Global leaders need Trevi

Why do international conferences like COP26 never seem to achieve much?

Arthur, sitting in his high-rise terrace, was laughing and giggling whilst Bill, Samir, his wife Nadia and I sat with big smiles.

Arthur sipped on his ice tea and said that, in Rome, President Biden had an 80(!) car motorcade. He turned serious: ‘how crazy is that?’ Bill chimed in and reasoned that he needs to be protected. Arthur looked to the sky and Samir jumped in, saying: ‘yes, but what kind of message does that give out? 80 cars, a 250 advance-team, and a total team of over 500 to attend the G20 summit in Rome…what kind of pollution, chaos and cost does that all involve?’

Nadia asked: ‘wouldn’t saving that cost and using it to assist the homeless in DC eradicate that problem?’

The weather in London was getting chilly so we moved inside, and Nadia went to the kitchen to put the kettle on and prepare some biscuits. I went along to help but could hear the conversation continue.

Arthur said the Paris agreement on climate was just a piece of paper and he applauded Boris Johnson for calling a spade a spade. Bill wondered if Glasgow would be any different. He added that someone ought to calculate the cost of the COP26 summit: the leaders going there; the security; the overall expenses to hold the event; and the chaos that would ensue in Glasgow.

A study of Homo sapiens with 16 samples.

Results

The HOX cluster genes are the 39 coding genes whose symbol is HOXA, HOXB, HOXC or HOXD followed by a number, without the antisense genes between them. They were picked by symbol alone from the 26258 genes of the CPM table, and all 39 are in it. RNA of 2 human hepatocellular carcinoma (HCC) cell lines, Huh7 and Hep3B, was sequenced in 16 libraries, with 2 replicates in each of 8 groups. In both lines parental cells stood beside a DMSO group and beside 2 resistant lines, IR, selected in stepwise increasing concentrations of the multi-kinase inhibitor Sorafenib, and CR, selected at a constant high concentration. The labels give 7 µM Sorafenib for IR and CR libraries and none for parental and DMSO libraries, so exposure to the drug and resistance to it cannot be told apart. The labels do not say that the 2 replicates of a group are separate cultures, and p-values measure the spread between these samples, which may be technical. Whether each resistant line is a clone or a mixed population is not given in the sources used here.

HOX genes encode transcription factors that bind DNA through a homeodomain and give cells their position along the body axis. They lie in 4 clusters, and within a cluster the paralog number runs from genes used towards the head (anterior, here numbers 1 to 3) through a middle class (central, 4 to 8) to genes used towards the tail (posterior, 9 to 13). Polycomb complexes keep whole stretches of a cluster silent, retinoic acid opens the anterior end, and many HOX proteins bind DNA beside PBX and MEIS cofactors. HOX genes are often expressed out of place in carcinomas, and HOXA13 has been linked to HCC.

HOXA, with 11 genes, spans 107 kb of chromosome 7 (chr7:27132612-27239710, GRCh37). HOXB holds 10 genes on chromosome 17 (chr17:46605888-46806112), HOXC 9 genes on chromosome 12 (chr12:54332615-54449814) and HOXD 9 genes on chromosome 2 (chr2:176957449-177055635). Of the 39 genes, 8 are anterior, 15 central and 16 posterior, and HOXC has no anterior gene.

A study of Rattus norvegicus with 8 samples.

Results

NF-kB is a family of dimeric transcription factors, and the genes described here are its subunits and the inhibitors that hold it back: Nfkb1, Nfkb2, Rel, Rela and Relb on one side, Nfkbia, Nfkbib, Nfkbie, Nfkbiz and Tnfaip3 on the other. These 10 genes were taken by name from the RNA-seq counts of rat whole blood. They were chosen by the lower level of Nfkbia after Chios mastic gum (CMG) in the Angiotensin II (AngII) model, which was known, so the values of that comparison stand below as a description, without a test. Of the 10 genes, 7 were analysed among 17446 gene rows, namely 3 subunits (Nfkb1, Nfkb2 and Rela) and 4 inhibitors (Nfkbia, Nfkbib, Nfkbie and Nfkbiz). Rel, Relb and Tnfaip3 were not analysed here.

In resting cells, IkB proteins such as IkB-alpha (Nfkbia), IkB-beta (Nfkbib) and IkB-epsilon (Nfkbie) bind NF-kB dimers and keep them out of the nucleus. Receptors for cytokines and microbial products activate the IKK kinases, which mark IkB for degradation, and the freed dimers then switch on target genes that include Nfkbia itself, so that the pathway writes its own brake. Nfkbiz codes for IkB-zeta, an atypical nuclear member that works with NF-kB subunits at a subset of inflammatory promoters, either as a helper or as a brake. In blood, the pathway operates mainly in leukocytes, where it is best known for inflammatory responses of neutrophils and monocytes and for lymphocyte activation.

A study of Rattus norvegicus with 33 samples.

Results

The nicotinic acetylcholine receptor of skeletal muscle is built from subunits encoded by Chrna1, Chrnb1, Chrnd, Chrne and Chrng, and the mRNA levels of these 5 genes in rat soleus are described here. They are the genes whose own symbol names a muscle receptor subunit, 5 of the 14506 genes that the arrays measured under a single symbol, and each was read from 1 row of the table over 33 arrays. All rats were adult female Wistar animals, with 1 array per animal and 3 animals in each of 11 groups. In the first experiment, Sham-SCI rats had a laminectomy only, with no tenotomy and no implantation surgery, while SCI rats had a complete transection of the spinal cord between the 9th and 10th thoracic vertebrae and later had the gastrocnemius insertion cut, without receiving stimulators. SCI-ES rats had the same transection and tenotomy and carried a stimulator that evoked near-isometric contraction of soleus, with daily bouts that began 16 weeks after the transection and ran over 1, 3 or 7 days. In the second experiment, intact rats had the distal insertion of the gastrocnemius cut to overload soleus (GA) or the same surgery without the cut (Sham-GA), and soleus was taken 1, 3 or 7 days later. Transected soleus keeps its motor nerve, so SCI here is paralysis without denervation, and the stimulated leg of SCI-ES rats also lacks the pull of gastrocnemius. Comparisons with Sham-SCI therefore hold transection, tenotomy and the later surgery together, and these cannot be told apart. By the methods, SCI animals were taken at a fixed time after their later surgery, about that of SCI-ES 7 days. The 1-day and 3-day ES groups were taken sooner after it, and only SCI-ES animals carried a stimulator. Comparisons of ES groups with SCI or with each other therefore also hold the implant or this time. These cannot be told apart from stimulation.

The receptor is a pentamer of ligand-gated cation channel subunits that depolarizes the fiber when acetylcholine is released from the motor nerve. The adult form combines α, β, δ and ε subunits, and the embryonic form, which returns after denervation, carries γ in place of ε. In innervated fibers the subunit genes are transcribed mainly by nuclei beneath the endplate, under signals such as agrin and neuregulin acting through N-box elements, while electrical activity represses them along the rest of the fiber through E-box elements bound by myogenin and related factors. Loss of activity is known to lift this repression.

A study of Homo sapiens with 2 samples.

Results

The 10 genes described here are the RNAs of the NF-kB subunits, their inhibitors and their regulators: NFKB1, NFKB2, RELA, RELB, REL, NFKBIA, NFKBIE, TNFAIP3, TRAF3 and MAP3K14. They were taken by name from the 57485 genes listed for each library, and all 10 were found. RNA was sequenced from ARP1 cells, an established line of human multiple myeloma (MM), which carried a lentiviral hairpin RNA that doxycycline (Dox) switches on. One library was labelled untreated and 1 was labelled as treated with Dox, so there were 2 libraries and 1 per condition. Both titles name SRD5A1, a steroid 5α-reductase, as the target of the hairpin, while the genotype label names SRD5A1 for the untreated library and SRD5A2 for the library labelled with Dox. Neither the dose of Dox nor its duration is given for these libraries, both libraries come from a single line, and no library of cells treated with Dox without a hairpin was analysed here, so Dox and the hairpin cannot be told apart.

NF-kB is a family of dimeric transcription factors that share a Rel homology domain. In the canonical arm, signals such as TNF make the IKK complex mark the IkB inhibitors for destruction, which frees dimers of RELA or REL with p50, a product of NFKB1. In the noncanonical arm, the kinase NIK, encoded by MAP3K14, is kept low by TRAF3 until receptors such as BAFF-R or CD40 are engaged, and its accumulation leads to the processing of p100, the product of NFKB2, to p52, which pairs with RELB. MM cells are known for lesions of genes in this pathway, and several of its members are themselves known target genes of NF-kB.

Samir said cynically: ‘it would be great if such funds were used to alleviate poverty, provide more scholarship for education, and greater vaccination.’ He added that all these meetings are choreographed in a manner where there is no movement or real dynamics. ‘The sherpas1 of each leader have prepared the end results, the points of agreement and the final communiqué, and there is no need for the meeting’, Bill affirmed. Samir said the leaders appear for appearances sake rather than real debate, discussion and engagement – that it is only a political show.

I walked in carrying the tea tray, trailed by Nadia with the biscuits. ‘Dear friends,’ I said, ‘at this stage of history, mediocrity reigns, so do not expect too much…remember what the leaders did at the G20 summit in Rome: they went to the Trevi2 Fountain and tossed in coins for hopes and wishes. It’s true that we have reached that level. Global leaders can do more, but you can’t ask more from those who don’t have more.’

Samir asked: ‘what does that leave us with?’. I replied, as I was pouring the tea, ‘let’s hope all the global leaders have a Trevi fountain in their backyard.’

1 A sherpa in the political realm is a person designated to prepare all the leader’s positions, speeches, press statements after negotiating with all the relevant government departments and the other leaders they will be publicly meeting.

2 The Trevi Fountain is the most beautiful fountain in Rome and, according to lore, you toss a coin, back facing the fountain, and make a wish.